Opinion

Thanks to WSF, you still can’t get there from here

Sound Off is a public forum. Articles are selected from letters to the editor or may be written specifically for this feature. Today, Scott St. Clair, a freelance writer and activist currently working as an investigative reporter for the Evergreen Freedom Foundation, documents ongoing problems with the Washington State Ferries system.

Among the iconic images of Washington state, those of the state’s quaint green-and-white ferry boats have no peer – like Mount Rainier, the Space Needle, and pods of Orcas, the charm exuded by these double-ended vessels serenely crossing Puget Sound or knitting small communities in the San Juan Islands to the world is the stuff of which the dreams of tourism officials are made.

The reality is less dream and more nightmare, however.

Made clear from news reports, public records, conversations with Washington State Ferries system insiders and other maritime experts, there are deep, serious, and systemic issues with this critical portion of the state’s highway system.

It’s prophetic that you can’t tell the bow from the stern on a ferry, since WSF, the nation’s largest ferry system, doesn’t know whether it’s coming or going – or who’s responsible for today’s situation.

The issues are many, complex, and inter-related — too many, in fact, to address in one article.

Take last November’s fiasco with the four 80-year-old Steel Electric-class ferries, the Quinault, Klickitat, Illahee and Nisqually. After receiving United States Coast Guard Certificates of Inspection attesting to their fitness and seaworthiness anywhere from six to 11 months beforehand, they were abruptly pulled from service on the Keystone (Whidbey Island)-Port Townsend run just prior to Thanksgiving, 2007, by new Washington state Secretary of Transportation Paula Hammond, a Gov. Christine Gregoire appointee.

According to news reports, Hammond beached the 59- to 64-car vessels because of safety concerns and fears of pre-emptive Coast Guard action.

This dramatic and unprecedented action came despite a barely three-week-old assurance from WSF officials to the Legislature’s Joint Transportation Committee that the Steel Electrics were “generally considered to be in good condition.”

Talk about an abrupt about-face.

Why? Was something amiss in the Coast Guard COIs? Did WSF all of a sudden discover massive safety issues previously unknown to it?

Was there an unforeseen cataclysmic event necessitating such jarring action?

At best, the answer is murky and seems to be that nobody knows.

To weigh into the Steel Electric morass raises more questions than are answered. What it does do, however, is cast a deep and abiding pall upon the ferry system as a whole.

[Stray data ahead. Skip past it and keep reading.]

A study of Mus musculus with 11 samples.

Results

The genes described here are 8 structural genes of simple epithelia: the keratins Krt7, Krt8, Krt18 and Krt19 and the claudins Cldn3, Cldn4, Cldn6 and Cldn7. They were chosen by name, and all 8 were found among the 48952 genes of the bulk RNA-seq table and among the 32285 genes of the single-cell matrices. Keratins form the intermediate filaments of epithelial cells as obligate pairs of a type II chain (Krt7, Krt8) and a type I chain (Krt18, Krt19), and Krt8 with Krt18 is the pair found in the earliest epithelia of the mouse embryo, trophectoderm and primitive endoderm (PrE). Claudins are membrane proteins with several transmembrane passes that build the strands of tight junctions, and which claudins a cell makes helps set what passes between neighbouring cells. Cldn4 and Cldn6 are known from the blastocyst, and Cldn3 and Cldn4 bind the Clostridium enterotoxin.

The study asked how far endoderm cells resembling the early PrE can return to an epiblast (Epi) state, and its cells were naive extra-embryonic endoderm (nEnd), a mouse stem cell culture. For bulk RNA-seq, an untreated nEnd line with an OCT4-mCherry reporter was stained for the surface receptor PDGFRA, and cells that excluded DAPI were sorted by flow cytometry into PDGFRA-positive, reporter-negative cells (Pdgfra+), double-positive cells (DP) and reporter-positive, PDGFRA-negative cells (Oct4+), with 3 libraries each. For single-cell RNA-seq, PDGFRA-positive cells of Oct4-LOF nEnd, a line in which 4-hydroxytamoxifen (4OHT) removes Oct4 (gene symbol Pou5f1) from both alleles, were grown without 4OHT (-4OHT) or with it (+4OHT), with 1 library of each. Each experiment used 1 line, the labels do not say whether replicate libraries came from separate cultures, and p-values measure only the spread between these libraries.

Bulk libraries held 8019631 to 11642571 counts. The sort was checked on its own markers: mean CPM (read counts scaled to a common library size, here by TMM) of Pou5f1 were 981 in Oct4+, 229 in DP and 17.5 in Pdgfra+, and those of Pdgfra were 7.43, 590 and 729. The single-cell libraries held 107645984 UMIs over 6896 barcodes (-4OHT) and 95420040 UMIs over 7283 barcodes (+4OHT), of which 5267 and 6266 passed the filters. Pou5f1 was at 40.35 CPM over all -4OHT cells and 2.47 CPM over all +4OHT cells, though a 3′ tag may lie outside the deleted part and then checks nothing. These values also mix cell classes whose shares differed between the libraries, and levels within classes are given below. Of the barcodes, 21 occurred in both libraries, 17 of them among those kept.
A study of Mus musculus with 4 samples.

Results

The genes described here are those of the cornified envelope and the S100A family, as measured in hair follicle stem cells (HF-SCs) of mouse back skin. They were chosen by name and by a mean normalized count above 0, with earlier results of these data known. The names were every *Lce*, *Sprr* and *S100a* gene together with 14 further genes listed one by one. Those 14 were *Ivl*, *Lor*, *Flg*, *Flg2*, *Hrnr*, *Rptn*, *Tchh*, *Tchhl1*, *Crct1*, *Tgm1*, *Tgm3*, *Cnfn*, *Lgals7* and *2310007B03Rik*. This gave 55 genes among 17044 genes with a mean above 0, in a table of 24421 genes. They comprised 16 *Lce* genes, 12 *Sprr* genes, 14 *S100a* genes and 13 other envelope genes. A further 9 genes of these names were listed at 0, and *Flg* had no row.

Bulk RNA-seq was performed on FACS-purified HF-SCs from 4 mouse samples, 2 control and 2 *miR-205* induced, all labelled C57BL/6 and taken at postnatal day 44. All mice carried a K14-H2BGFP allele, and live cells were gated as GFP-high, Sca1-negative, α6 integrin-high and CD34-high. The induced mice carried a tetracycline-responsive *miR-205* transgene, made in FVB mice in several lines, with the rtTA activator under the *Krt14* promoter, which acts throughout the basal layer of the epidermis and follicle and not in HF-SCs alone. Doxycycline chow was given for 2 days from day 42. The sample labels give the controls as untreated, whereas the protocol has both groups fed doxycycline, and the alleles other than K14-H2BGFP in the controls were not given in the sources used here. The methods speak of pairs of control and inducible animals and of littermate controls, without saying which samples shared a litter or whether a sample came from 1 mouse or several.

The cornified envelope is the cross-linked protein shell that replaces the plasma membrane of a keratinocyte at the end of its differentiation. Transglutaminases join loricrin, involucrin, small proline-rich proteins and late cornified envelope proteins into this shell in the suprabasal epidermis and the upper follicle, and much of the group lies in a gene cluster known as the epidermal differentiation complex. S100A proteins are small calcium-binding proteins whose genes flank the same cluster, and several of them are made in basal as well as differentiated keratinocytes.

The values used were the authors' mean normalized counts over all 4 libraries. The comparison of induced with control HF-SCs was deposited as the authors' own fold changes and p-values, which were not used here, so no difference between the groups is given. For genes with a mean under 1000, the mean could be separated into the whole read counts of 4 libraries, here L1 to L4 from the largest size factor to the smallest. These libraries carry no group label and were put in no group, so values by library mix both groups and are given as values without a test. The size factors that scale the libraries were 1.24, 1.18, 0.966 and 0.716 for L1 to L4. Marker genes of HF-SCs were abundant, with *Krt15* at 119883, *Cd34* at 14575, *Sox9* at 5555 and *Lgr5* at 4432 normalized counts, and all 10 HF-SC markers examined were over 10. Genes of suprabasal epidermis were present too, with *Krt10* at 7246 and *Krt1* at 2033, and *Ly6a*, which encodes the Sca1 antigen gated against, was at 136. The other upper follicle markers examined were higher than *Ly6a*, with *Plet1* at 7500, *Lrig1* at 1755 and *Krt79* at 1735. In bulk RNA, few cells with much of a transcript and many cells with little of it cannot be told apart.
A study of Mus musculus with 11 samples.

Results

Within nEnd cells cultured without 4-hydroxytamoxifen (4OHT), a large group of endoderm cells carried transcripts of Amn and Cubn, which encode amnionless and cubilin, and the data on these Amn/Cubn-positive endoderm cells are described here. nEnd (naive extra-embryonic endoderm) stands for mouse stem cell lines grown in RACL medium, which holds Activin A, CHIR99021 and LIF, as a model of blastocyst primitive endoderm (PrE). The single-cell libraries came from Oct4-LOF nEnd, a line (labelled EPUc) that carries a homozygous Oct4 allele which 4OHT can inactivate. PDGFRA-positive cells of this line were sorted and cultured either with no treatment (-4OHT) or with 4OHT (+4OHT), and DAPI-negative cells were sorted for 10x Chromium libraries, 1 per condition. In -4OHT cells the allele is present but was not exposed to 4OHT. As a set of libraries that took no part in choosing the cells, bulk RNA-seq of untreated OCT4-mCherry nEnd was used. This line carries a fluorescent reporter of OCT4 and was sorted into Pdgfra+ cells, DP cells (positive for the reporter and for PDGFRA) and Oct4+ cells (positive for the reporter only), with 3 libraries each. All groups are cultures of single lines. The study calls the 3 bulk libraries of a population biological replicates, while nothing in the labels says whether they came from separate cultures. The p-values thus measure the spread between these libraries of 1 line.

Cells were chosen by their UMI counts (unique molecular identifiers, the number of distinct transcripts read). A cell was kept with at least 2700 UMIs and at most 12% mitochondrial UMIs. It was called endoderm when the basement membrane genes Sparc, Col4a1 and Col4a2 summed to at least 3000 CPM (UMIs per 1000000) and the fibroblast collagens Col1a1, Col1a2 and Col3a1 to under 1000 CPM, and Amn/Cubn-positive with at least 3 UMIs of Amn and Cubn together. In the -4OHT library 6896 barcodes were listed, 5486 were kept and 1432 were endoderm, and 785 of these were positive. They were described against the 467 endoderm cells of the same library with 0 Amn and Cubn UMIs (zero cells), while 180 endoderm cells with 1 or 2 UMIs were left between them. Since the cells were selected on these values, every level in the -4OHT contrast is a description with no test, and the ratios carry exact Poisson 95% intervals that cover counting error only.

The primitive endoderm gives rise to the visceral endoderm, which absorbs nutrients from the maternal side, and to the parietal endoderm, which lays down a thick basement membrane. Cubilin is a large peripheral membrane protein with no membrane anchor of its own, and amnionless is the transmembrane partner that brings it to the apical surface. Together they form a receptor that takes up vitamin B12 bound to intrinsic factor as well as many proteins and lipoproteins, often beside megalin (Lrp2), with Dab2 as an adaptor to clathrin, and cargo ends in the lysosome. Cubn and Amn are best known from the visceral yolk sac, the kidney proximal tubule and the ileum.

This isn’t to say that the decision to pull the Steel Electrics from service wasn’t proper. It’s just that it’s hard to tell.

Hammond made the call after WSF employees fully examined only one vessel, the Quinault. She then extrapolated what was found on that vessel to the other three without having them fully inspected.

How long does it take the Washington State Department of Transportation with its $5.9 billion capital and operations budget to get something done?

When does the state Legislature demand and force action and independently go about getting answers to what are by now obvious questions, in this case about WSF?

In a recent Everett Herald story, State Sen. Mary Margaret Haugen (D-Camano Island), chair of the powerful Senate Transportation Committee with jurisdiction over WSDOT and WSF, expressed outrage late last year over the 52-card-pickup nature of the Steel Electric situation.

Claiming that “people should lose their jobs” as a result of the mess, she then copped out of any responsibility claiming ignorance on the part of the Legislature. “You’ve got to understand, we’re citizen legislators. We’re not engineers,” the Herald quotes her as saying.

Then isn’t it about time you hired, or at least consulted, some?

With WSF in serious vessel-reliability straits and suffering from huge credibility gaps, is it wise at all for Haugen, her State House counterpart Rep. Judy Clibborn (D-Mercer Island), and the Legislature at large to put faith in anything that emanates from WSF?

And it’s not as though this is new since Thanksgiving of last year. Where again are those new boats you authorized back in 2001?

Shouldn’t this also apply to everyone in state government from the governor’s office through to Washington State Auditor Brian Sonntag? While his office did perform an impressive and valuable Initiative 900 performance audit on WSF last year, perhaps today’s changed situation demands something sharper and more detailed in nature?

Like a thorough look at WSF from the inside of the books out?

If the same people keep telling you the same things with the same results, isn’t there a point at which you either ask different people or ask different questions of different people?

We’re left wondering, was the decision to pull the Steel Electrics from service based upon the best information obtainable, or was it more like the baseball outfielder who initially badly misreads a routine fly ball and then has to dive to make a dramatic catch at the last possible second that shows up that evening on ESPN?

Why were maintenance and vessel preservation issues that took years, if not decades, to develop, and that precipitated Secretary Hammond’s decision, not clearly identified and addressed long, long ago?

Where are those new boats again? And the legislative oversight that goes with them?

Until there are firm answers to these and other questions, it will be very rough sailing for Washington State Ferries.